Wilton and Lyndeborough vote a new school

WILTON – On Friday, March 7, by the slimmest of margins, 345 residents of Wilton and Lyndeborough passed a $8.25 million bond to construct a new combined elementary school in Wilton for grades one to five, and to renovate the Lyndeborough Central School into kindergarten and district offices.

They then agreed to change the Articles of Agreement between the towns to allow it to happen.

Passage of both bond and changes required a two-thirds vote, or 66 percent. The vote on the bond was 232 yes, and 113 no, a 67.2 percent majority. On the changes to the articles, the final vote was 227 yes, and 101 against, a 69.2 percent majority.

Voters also approved an operating budget of $11,550,114 with little discussion on a voice vote, and approved a new three-year teachers’ contract with a first year cost of $105,151, with little discussion or dissent.

The bond proposal was presented by Harry Dailey, vice-chairman of the School Board, elementary school Principal Tim O’Connell, Superintendent Christine Tyrie, and Donald Davidson, chairman of the cooperative Budget Committee.

Two attempts were made to change the wording of the article, first to reduce the bond by $1 million, and then to remove the ability of the School Board to accept state or federal aid. Both failed by overwhelming voice vote.

Dailey said reducing the bond would mean the building would be of poorer quality and the board would not have needed flexibility.

“We could be back here in five or eight years for more resources. We need to build for the future,” he said.

Board member Fran Bujak said the reduction would be a “savings of 12 cents on the tax rate, about $2 a month. We chose a 30-year bond for the tax savings.”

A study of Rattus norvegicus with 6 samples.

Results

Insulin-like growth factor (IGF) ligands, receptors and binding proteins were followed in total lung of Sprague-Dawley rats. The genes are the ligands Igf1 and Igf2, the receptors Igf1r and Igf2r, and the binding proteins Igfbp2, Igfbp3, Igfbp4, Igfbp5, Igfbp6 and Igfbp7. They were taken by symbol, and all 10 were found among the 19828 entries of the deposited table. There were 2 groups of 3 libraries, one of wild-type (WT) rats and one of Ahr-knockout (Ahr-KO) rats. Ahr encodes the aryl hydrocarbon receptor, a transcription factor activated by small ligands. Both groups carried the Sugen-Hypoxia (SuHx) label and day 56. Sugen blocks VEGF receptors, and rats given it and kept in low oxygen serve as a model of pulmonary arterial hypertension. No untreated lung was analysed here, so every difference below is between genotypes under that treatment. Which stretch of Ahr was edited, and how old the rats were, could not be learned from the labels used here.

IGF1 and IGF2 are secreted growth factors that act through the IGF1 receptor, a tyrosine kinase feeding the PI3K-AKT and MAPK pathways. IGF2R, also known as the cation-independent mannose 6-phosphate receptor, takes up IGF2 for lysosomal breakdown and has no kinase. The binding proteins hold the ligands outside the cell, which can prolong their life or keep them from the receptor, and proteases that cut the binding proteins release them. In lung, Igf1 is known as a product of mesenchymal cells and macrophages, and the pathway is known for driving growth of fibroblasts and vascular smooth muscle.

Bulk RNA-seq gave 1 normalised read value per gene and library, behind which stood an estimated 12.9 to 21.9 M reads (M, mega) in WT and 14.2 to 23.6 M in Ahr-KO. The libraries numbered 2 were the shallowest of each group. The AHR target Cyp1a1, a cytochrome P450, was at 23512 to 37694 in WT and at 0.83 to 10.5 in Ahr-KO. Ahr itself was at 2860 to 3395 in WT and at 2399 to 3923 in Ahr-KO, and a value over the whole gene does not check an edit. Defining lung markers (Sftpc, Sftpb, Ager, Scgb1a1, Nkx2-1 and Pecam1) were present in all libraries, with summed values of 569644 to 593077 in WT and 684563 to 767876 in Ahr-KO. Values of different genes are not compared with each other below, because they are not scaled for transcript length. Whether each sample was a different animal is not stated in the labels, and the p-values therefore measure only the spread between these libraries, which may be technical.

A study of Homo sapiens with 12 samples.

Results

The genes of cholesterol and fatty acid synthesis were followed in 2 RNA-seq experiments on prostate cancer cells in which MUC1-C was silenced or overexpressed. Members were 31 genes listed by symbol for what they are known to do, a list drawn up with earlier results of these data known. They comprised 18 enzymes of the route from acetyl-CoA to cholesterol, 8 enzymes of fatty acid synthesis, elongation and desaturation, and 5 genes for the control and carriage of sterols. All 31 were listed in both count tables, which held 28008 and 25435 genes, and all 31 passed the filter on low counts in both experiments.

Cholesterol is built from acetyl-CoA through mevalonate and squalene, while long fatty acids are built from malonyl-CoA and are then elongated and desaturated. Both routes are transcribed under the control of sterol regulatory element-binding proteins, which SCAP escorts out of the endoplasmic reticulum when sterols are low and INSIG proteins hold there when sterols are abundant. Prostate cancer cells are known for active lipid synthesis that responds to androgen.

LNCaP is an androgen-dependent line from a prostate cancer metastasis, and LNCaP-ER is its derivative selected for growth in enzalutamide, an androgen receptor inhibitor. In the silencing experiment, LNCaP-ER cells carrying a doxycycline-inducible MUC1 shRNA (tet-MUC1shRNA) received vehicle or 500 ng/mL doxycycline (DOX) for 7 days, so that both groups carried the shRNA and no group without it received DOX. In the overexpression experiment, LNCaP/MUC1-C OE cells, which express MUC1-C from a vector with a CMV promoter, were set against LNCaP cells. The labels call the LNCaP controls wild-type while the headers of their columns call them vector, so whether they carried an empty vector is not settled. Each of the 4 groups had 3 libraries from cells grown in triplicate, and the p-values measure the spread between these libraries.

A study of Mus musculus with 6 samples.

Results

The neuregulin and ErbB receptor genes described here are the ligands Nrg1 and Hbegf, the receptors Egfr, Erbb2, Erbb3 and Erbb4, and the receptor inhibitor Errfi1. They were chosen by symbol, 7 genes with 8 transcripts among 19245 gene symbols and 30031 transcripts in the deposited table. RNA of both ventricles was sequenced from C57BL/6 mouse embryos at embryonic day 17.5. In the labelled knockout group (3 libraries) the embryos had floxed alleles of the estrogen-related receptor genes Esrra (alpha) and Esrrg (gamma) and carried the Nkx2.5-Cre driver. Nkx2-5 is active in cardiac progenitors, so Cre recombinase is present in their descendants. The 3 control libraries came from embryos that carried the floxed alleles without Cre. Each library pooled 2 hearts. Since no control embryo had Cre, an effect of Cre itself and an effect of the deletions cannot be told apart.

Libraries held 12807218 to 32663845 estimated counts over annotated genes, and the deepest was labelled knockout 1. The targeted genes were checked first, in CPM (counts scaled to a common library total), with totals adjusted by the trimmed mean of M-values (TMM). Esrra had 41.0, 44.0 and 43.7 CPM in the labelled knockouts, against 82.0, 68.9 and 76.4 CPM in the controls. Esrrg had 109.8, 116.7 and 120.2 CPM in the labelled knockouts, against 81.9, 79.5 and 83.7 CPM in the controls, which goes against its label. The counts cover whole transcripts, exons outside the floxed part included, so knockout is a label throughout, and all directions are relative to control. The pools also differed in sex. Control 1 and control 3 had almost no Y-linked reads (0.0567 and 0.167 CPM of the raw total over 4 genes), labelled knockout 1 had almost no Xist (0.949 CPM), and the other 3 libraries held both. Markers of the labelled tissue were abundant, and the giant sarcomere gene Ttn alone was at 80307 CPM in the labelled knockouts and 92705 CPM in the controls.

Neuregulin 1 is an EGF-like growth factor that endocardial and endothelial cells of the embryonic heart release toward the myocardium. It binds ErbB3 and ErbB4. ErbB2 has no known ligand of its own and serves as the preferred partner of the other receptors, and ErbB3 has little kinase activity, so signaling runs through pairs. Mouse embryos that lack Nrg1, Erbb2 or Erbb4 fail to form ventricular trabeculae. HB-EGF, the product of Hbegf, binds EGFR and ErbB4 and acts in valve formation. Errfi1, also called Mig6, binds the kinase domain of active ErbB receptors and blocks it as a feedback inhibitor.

In answer to questions, voters were assured the bus routes would be adjusted to reduce travel time as much as possible, and a professional construction manager would be provided by Hutter Construction Company.

The new school will replace much of the current Florence Rideout Elementary School with a new three-level facility for grades one through five. The 1895 “old building” and the 1930s gym, will be kept and upgraded to standards, with the new school connecting them. The sections to be removed were built in the 1950s and are in poor condition.

Kindergarten, pre-kindergarten and the Supervisory Union offices will be housed in Lyndeborough. Grades six through eight are at the middle school.

Many of the speakers, both for and against, were emotional, eliciting applause from the audience.

State statute requires bond issues to be by paper ballot and that the polls remain open for at least an hour. Following the bond vote, voters took up discussion of the changes to the Articles of Agreement.

Board Chairman Geoff Brock outlined the history of the articles, dating to the late 1960s, which provided that each town would be responsible for its own elementary school and students could not be moved between towns.

“Article 4 (the bond) requires passage of this one,” Brock said.

Davison said, “We voted to consolidate (the districts) but it was a piecemeal consolidation. This would make us truly cooperative.”

The article also changes the funding formula to one where all costs are computed 50 percent on daily attendance and 50 percent on equalized valuation. Currently, capital costs were not included as each town paid its own.

The wording is changed to include the federally mandated pre-kindergarten, which will be housed at Lyndeborough Central. An attempt was made to change the wording to eliminate the pre-K.

The first year cost of the 30-year bond is $206,907. The changes to the Article of Agreement provide that Lyndeborough’s share will $96,564 each year with Wilton paying the remainder, a provision made because of the amount of work to be done at Florence Rideout. Cost between the towns is usually about 70 percent for Wilton, 30 percent for Lyndeborough.

Had the bond failed, voters in Wilton would have been asked for $250,000 for immediate repairs to the school’s heating and ventilations systems plus other needed repairs.

Following the three and a half hour meeting, retiring Budget Committee Member David Roemer was honored for 20 years of service on budget committees in both towns.